Since I wrote this posting, the Census Bureau has issued two new official estimates of the number of poor people in the U.S. You can find my summary of the latest here. It has also issued two sets of alternative estimates. You can find my summary of the first set here and a discussion of the second set here.
According to the latest U.S. Census Bureau figures, the answer is about 37.3 million. But if we want to know how many people lack the resources needed for a decent standard of living, then the answer is nobody knows.
Economists, service providers, advocates and many policymakers have known for years that the current poverty measure is outdated–in fact, was flawed from the get-go.
It was developed in 1963, based on a 1955 survey. The survey found that the average family of three or more spent a third of its after-tax income on food. So the basic poverty threshold became three times the cost of the U.S. Department of Agriculture’s Economy Food Plan–a bare subsistence food budget.
This threshold was then spun off into specific thresholds for different family sizes. And certain adjustments were made based on factors related to food purchases. That’s basically what the thresholds are today.
If your income is at or below the relevant threshold, you’re counted as poor. If it’s over, you’re not. Whether you’re supporting children not living with you doesn’t matter. Nor does it matter whether you have resources other than cash income. Whether you live in New York City or Biloxi, Mississippi doesn’t matter either.
The poverty thresholds are annually updated to reflect rising costs of living as indicated by the Consumer Price Index. But no adjustment has been made for major changes in consumer spending patterns that have significantly reduced the percent of household budgets spent on food.
And the thresholds still takes no account of geographic differences in cost of living. Studies by Wider Opportunities for Women indicate how big those differences can be. For example, in 2005, self-sufficiency for a D.C. adult with two young children required an annual income of $53,634 per year. The same family in Wheeling, West Virginia could have been self-sufficient with $24,321.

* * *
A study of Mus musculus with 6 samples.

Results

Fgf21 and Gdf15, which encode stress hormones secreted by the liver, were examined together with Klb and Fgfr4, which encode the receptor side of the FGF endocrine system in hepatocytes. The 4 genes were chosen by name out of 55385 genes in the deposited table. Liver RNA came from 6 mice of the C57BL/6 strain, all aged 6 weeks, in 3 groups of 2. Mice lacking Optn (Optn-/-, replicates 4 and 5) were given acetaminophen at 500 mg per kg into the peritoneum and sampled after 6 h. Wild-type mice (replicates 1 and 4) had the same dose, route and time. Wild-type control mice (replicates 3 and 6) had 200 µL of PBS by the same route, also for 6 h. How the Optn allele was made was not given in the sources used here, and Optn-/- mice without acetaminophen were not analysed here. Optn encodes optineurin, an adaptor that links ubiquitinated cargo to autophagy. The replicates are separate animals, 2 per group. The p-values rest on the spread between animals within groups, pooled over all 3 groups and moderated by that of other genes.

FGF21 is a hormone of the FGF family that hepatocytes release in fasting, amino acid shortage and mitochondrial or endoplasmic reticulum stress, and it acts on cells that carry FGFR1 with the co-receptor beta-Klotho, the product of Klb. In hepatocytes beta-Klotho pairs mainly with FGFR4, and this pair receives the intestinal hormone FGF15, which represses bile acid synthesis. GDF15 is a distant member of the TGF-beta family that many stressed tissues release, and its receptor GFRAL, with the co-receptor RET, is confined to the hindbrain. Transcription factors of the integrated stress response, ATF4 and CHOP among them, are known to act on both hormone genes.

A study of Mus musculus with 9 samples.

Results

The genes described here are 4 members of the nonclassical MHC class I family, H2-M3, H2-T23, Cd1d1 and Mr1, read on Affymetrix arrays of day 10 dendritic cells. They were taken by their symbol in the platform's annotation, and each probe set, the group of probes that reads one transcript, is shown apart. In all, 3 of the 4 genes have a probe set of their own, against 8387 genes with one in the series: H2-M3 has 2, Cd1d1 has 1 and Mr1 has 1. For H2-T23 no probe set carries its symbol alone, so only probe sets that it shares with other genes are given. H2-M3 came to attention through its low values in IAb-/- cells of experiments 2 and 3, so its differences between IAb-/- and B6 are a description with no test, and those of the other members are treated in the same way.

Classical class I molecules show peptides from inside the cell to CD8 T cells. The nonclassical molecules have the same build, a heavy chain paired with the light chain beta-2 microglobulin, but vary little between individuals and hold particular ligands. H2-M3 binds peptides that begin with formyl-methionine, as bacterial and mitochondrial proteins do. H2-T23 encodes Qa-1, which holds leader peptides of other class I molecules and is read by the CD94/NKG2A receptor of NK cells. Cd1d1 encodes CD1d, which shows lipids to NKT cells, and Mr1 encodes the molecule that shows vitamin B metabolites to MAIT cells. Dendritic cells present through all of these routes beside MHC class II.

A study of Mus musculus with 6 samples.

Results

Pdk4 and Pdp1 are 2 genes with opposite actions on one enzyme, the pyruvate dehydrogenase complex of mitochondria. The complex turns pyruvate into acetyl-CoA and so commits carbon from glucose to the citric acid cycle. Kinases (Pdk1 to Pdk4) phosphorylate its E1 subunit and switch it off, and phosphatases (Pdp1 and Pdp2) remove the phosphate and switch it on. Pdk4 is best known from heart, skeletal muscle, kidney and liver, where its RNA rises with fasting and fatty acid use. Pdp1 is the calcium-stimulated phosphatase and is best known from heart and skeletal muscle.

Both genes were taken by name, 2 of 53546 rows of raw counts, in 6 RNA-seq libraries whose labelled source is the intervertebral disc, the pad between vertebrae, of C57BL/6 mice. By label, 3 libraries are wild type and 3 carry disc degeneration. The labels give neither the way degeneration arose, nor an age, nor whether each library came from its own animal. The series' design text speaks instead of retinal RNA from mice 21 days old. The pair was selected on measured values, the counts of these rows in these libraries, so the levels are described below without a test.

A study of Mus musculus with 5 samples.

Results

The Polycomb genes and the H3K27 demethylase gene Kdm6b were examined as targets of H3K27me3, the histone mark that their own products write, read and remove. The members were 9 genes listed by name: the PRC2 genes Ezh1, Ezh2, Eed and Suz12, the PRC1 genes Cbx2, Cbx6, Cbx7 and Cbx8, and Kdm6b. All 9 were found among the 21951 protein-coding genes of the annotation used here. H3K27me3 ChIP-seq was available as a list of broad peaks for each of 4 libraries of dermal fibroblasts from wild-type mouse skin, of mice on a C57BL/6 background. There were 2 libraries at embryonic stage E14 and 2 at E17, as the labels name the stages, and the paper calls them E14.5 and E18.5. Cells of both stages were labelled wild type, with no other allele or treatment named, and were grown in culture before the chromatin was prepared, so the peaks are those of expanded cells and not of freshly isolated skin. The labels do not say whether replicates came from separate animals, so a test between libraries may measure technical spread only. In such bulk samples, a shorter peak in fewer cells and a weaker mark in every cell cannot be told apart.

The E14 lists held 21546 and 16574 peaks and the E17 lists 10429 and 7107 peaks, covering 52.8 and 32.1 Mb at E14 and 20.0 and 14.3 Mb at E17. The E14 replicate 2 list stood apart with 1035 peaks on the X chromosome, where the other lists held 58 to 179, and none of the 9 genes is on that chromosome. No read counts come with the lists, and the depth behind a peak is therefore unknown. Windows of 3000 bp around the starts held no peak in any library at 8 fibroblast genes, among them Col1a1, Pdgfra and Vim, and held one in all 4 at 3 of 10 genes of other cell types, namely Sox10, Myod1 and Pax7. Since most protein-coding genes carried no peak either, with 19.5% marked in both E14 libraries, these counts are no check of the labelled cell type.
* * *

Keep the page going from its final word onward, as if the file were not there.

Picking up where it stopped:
In 2005, the poverty threshold for that family of three was $15,735–less than 30% of the D.C. family’s minimal costs of self-sufficiency. And it’s the threshold that determines eligibility for assistance under more than 30 federal programs and some state programs as well.
Last December, the Brookings Institution issued a report recommending a poverty measure based on recommendations in a 1955 report issued by the National Academy of Sciences. It’s quite complex, but then so is the issue.
Basically, the measure would use current data on actual expenditures for a set of basic necessities and resources available to obtain them, after deductions for additional necessary expenditures. Adjustments would then be made for family composition, as well as size, and for geographic differences.
In 2008, legislation was introduced to establish a poverty measure based on the NAS/Brookings approach. It may–and should–be reintroduced in the new Congress.
As the Brookings authors say, it will be politically challenging to put a new measure in place. But we can’t provide needed assistance to poor people unless we can accurately identify them. And we can’t assess current policies and programs unless we know, over time, how many poor people there are.